Your Rights

Image Courtesy of the Bermuda National Gallery : Togetherness – Norma Lewis

Rights & Freedoms

What are Human Rights?

The term ‘human rights’ is familiar – but not always easy to define. Broadly speaking, human rights are the basic rights and freedoms that belong to every person. Human rights represent a variety of distinct yet intersected issues. Human rights recognise the inherent value of each person regardless of background, where we live, what we look like or what we believe. They can be understood as follows:

  • The recognition and respect of peoples dignity and worth
  • A set of legal guidelines that promote and protect a recognition of our diverse and individual identity, our national commitment to rights, and an ability to ensure an adequate standard of living
  • The basic standards by which we can identify and measure equality, access and fairness
  • Those rights associated with the Universal Declaration of Human Rights the Bermuda Constitution 1968 and the Bermuda Human Rights Act 1981

Human Rights are based on principles of dignity, equality and mutual respect, which are shared across cultures, religions and philosophies. They reflect an expectation to be treated fairly, to treat others fairly and to have the ability to make choices in our daily lives.

Human rights are both simple and complex! The way we bring rights to life is what matters most – the choices we make each day, the actions we take to uphold human rights obligations, and the commitment to understanding and caring for these rights in Bermuda.

The HRC works to balance the rights of everyone in Bermuda while ensuring that we progress and evolve protection to meet the needs of our community for all.

What is a ‘Human Rights-Based Approach’?

A human rights-based approach refers to an approach that integrates human rights (both legal standards and general considerations) into programs, policy, legislative development, and organisational practices to ensure people’s human rights are fundamentally protected and promoted in daily life.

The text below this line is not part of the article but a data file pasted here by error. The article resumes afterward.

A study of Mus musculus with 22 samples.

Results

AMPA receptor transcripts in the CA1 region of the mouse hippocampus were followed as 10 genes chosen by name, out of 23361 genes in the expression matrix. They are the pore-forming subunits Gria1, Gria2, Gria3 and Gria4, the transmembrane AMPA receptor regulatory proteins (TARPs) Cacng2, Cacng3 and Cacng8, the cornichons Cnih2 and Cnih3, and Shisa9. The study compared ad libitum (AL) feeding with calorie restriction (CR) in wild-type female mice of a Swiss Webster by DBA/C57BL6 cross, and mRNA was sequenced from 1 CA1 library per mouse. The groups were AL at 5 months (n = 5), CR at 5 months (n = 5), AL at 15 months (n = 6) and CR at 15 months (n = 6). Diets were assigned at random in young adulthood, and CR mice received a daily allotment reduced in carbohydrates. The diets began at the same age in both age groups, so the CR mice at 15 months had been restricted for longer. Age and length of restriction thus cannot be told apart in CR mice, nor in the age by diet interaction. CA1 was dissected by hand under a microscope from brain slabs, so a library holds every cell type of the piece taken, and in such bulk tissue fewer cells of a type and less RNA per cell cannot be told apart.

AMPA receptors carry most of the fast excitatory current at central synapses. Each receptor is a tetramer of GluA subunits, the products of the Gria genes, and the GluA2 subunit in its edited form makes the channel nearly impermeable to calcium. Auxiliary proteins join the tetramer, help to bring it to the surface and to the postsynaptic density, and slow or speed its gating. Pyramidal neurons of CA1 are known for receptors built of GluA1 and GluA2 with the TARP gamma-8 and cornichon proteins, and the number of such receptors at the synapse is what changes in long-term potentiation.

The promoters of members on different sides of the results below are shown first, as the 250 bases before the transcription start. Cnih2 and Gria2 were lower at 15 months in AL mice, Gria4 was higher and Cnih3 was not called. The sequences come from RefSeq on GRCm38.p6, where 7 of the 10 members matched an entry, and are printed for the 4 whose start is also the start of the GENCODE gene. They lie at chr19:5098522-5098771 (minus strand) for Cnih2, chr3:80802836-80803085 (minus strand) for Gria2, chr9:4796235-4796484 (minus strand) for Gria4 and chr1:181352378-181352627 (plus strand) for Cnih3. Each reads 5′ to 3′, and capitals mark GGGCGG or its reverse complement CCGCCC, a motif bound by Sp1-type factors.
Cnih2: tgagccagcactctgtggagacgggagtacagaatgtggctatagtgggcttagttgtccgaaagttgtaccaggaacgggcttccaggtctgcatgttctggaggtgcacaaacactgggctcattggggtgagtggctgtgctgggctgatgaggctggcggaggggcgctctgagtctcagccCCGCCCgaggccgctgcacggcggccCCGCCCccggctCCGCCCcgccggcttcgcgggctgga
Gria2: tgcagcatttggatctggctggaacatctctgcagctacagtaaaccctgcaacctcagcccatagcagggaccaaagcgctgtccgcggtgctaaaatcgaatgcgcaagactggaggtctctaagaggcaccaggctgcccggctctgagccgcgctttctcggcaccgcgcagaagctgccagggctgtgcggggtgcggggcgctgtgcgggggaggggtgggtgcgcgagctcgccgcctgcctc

It reflects a commitment to look through a human rights lens and ask questions about equal access and opportunity. It means looking at the curriculum or program or policy you are developing and ask, is it inclusive? Who can access this? And who benefits? Is it discriminatory in some way? Does it allow for equal opportunity?  This approach seeks to identify causes that contribute to unfair outcomes and redress discriminatory practices or unjust distribution of power that may be impeding equal access, fair treatment or opportunity for all.

The commitment to fully integrate human rights into our daily lives and institutional practices is not always easy. Transforming workplace practices, updating approaches to policy development, organisational culture, and discriminatory legislation takes consistent work and dedication.

Through education, engagement and advocacy the Human Rights Commission is committed to providing practical support for the application of a human rights-based approach to work, schools, and civil duty in Bermuda.

Rights Holders versus Duty Bearers

Human beings are rights holders under the Universal Declaration of Human Rights simply by being human, and people can be both duty bearers and rights holders. The relationship is a two-way street.

Individuals and communities need to be aware of their rights as rights holders and be invited to participate in decisions that affect them. A human rights-based approach recognises the entitlement of people to have their needs respected, but also sees people as agents in the realisation of their rights.

Duty bearers are those individuals or authorities who have a particular obligation or responsibility to respect, promote and realize human rights and to abstain from human rights violations (for example governments, businesses, school authorities etc.).

Duty bearers often need assistance to develop the capacity, the resources and the political will to fulfill their commitments to human rights. A rights-based approach helps to increase the capacity of duty-bearers to meet their obligations and encourages rights holders to claim their rights.

Informing, educating and empowering ourselves is essential and enabling participation by ensuring people can access and exercise their rights is central to this process.

Universal Declaration of Human Rights

A model of human rights standards was set out for the first time in 1948, by the United Nations. The Universal Declaration of Human Rights, adopted by the United Nations on 10 December 1948, sets out the basic rights and freedoms that apply to all people. Drafted in the aftermath of World War Two, this treaty did not have the force of law, however it has become a foundation document that has inspired many legally-binding international human rights laws. These international and regional human rights treaties continue to be developed and evolved to meet the changing needs and circumstances facing today’s world.

The Universal Declaration of Human Rights, adopted by the United Nations on 10 December 1948, sets out the basic rights and freedoms that apply to all people. Drafted in the aftermath of World War Two, it has become a foundation document that has inspired many legally binding international human rights laws.